Schools head tries to assure homebuyers Violence, drugs worry parents

May 02, 1993|By New York Times News Service

SPRINGFIELD, MASSACHUESETTS — SPRINGFIELD, Mass. -- Acting on reports that fear of a violent, academically inferior public school system is driving prospective homebuyers away from the city, School Superintendent Peter J. Negroni has urged real estate agents to send him those voicing such concerns.

The reports were confirmed by Audrey Simonds, past president of the Greater Springfield Realtors Association, who said the fears were most pervasive among buyers with school-age children.

Mr. Negroni and Mayor Robert T. Markel said they believed that news stories about crime and drugs, weapons confiscated in the schools, two reported sexual assaults in a school and fights among students scared off homebuyers and businesses.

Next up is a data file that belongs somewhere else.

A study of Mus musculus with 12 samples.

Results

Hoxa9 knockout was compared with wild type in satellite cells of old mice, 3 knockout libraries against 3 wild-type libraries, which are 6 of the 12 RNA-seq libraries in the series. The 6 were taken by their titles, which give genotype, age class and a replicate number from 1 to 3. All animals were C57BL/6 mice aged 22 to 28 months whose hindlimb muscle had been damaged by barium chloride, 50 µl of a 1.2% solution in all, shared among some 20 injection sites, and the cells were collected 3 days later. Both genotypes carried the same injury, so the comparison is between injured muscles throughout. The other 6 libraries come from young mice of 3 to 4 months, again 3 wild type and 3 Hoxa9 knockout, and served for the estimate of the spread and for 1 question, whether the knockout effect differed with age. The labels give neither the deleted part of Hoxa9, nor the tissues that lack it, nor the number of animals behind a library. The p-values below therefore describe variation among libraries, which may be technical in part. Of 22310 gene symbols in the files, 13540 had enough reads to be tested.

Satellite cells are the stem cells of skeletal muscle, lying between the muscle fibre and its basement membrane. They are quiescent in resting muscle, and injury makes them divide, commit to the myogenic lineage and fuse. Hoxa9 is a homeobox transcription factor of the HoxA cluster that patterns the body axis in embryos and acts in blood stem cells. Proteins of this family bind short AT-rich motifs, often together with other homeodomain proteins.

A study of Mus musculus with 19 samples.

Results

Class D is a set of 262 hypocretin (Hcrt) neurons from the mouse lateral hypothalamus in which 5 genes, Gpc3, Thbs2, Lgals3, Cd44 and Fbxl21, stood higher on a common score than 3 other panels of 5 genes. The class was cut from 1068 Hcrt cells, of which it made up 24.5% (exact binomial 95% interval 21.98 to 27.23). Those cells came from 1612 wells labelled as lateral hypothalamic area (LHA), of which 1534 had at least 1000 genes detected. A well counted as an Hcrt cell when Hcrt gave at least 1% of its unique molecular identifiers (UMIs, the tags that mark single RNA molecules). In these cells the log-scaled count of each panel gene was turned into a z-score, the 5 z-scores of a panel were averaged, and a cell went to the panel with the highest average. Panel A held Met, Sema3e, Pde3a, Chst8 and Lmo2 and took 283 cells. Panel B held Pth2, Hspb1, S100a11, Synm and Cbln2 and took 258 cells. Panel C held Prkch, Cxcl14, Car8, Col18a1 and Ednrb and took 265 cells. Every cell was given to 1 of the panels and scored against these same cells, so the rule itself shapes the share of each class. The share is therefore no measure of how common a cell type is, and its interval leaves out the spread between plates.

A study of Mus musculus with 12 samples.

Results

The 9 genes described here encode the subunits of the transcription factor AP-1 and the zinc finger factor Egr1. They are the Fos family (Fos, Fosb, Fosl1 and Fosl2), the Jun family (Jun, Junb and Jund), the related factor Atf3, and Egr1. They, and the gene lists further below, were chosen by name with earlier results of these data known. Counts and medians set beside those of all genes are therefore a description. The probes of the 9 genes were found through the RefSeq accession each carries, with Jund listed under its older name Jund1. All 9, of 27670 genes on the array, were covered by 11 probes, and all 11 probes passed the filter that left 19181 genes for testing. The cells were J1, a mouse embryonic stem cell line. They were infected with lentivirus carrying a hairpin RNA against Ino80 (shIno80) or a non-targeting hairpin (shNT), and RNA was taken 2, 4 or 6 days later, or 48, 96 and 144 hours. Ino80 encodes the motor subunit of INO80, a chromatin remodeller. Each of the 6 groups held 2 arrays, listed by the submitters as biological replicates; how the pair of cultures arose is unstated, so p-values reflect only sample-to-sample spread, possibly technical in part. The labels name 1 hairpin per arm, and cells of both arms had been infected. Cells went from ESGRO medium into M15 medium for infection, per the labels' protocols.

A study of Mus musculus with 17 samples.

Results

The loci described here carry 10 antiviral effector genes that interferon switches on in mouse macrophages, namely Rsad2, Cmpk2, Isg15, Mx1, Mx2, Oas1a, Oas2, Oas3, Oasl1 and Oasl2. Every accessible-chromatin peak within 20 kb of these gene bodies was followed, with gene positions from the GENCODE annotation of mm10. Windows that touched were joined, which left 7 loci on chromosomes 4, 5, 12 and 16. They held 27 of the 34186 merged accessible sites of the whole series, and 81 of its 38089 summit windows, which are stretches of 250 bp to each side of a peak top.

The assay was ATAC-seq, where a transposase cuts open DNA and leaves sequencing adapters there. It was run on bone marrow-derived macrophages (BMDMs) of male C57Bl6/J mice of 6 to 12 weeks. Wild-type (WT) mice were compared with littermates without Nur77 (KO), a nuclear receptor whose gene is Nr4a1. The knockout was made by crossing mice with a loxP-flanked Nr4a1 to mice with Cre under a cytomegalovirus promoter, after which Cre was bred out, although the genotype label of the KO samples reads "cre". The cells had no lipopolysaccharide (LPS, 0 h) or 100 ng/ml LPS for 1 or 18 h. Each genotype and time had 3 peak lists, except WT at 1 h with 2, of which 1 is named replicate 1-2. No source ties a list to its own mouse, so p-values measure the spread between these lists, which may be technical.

To allay such fears, Mr. Negroni has offered hesitant homebuyers personal tours of schools and conferences. To date, no one has taken him up on his offer.

Mr. Negroni and Mr. Markel invited real estate brokers to attend the recent education fair in Springfield in which each school showcased its offerings to parents and prospective students. They have also met with about 100 agents to date, and plan to meet with more.

Sales of one-family homes in Springfield lagged behind the region for much of 1992, despite an average selling price around $95,000 compared to the average regional price of about $125,000.

In an effort to stop the trend, the city has begun several programs using federal and state grants to aid homebuyers, including renovating abandoned properties for resale, making low-interest improvement loans available and offering workshops on financing and home maintenance.

The National Association of Realtors and the U.S. Conference of Mayors have chosen Springfield as one of 12 cities nationwide to be a demonstration site for the development of additional affordable housing programs.